They were teenage girls desperate for something better: They came from group homes or families that were broken. Some already had children of their own and were struggling to provide for them.
There were also girls who came from environments that seemed more stable, but still, they were drawn into prostitution by the promise of money and independence.
"They knew what to say and do to entice them," prosecutor Ami Sheth said of the sex-trafficking ring that lured girls from the Inland Empire to Los Angeles County, where they had sex for money at motels in Compton and Lynwood and faced verbal and physical abuse if they didn't make enough. "Once these girls ended up in Compton, it wasn't the type of world they expected."
Now, three years after the investigation into the operation began, the ring's final member has pleaded guilty to sex-trafficking charges as his trial was set to begin. Seven others have already pleaded guilty to charges related to sex trafficking or racketeering.
Paul Edward Bell, an alleged member of the Rolling 60s Crips in Lynwood, admitted his guilt in a Riverside courtroom this week as part of a plea agreement that included a sentence of 30 years in federal prison, according to a statement from the U.S. attorney's office. The prison term must be approved by U.S. District Judge Virginia A. Phillips at a March sentencing hearing.
In the plea, Bell, 29, acknowledged his role in the operation, including recruiting four girls who were 15 to 17 years old. He described one instance in which he had physically abused one of them; she hadn't been meeting his demands and was "acting up," according to the plea agreement.
"Sex trafficking is an abominable crime that condemns its victims to physical and psychological trauma, hardship and abuse," U.S. Atty. André Birotte Jr. said in a statement, adding that Bell and the others "coldly and brutally victimized young women and juveniles, subjecting them to treatment that can only be described as inhumane."
Birotte said Bell would be "held accountable and punished for his predatory conduct."
The investigation into the operation — one in a string of such cases pursued by federal prosecutors who list sex-trafficking as a priority — began in January 2011, when Riverside County sheriff's investigators learned of allegations that students at area schools were being lured into prostitution.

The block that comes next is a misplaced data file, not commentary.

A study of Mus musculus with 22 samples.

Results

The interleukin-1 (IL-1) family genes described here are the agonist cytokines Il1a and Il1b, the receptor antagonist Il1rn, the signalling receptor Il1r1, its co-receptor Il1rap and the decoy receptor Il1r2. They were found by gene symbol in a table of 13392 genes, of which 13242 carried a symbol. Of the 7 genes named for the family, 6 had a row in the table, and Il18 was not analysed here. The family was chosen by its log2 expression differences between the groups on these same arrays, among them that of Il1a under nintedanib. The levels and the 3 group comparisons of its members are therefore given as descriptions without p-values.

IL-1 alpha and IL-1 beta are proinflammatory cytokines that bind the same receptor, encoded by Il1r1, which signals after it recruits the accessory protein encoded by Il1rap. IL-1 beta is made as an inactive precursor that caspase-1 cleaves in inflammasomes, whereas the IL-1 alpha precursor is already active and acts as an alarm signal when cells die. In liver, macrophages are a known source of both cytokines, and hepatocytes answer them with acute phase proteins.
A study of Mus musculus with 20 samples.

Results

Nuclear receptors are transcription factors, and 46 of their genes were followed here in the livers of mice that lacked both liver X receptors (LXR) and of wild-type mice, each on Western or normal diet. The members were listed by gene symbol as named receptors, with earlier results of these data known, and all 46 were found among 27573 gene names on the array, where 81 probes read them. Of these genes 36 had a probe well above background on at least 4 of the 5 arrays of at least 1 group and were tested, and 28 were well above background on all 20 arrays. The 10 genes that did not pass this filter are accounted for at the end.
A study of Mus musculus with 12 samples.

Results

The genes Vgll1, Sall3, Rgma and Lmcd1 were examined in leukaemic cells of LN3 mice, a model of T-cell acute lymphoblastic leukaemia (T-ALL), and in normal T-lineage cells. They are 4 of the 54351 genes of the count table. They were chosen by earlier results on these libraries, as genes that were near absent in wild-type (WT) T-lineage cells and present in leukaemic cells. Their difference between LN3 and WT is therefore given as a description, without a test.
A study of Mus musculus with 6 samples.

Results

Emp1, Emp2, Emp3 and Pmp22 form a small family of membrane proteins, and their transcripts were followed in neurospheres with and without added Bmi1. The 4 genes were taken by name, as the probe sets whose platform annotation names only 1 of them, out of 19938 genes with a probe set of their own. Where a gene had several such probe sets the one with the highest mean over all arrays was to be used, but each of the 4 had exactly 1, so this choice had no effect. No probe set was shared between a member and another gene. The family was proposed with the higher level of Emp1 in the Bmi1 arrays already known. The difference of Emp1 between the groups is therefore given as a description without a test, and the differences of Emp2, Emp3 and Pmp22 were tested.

Prosecutors said that one of the lead prostitutes in the ring, Kimberly Alberti, acted as a recruiter, targeting girls who lacked financial and family support or seemed easy to convince.
She'd "groom" the girls, some of whom were former classmates of hers, prosecutors said. She would work to gain their trust and offer them what seemed like an opportunity for money and independence, prosecutors said. Once they agreed, they were taken to Los Angeles County, where they were housed in motels or in Bell's apartment.
Investigators were able to identify seven girls as victims of sex trafficking, although prosecutors said there were likely others.
The eight members of the ring were indicted in August 2012 by a federal grand jury. All but one are waiting to be sentenced by Phillips in the coming months.
The others include two pimps — Samuel Rogers, 23, and his brother, Gary Rogers, 25, both of Moreno Valley — as well as three women described by prosecutors as lead prostitutes: Javiya Brooks, 21, of Lynwood, who worked for Bell; Kristy Harrell, 21, of Riverside, who worked for Gary Rogers; and Samuel Rogers' head prostitute, Alberti, 20, of Riverside.
Christopher Weldon, 24, of Compton — Bell's half-brother — was sentenced to six years in prison.
Su Yan, 31, pleaded guilty to a racketeering-related charge for helping Bell run his prostitution business, but he wasn't directly involved in sex trafficking.
Sheth, an assistant U.S. attorney based in Riverside, said she counted the prosecution as a success not just because of the convictions. The cases were closed without a trial, she said, sparing the young women from having to testify, face the people who dragged them into prostitution and relive a part of their life many of them are still working to overcome.
"Some are on the right road," Sheth said. "Some of the victims are still struggling with what happened to them."
She said many have had to return to the lives and troubles they had been enticed into fleeing. It is her hope that the final conviction will mark the end of this particularly painful chapter of their lives.
"That will help them move forward and move on in their lives," Sheth said.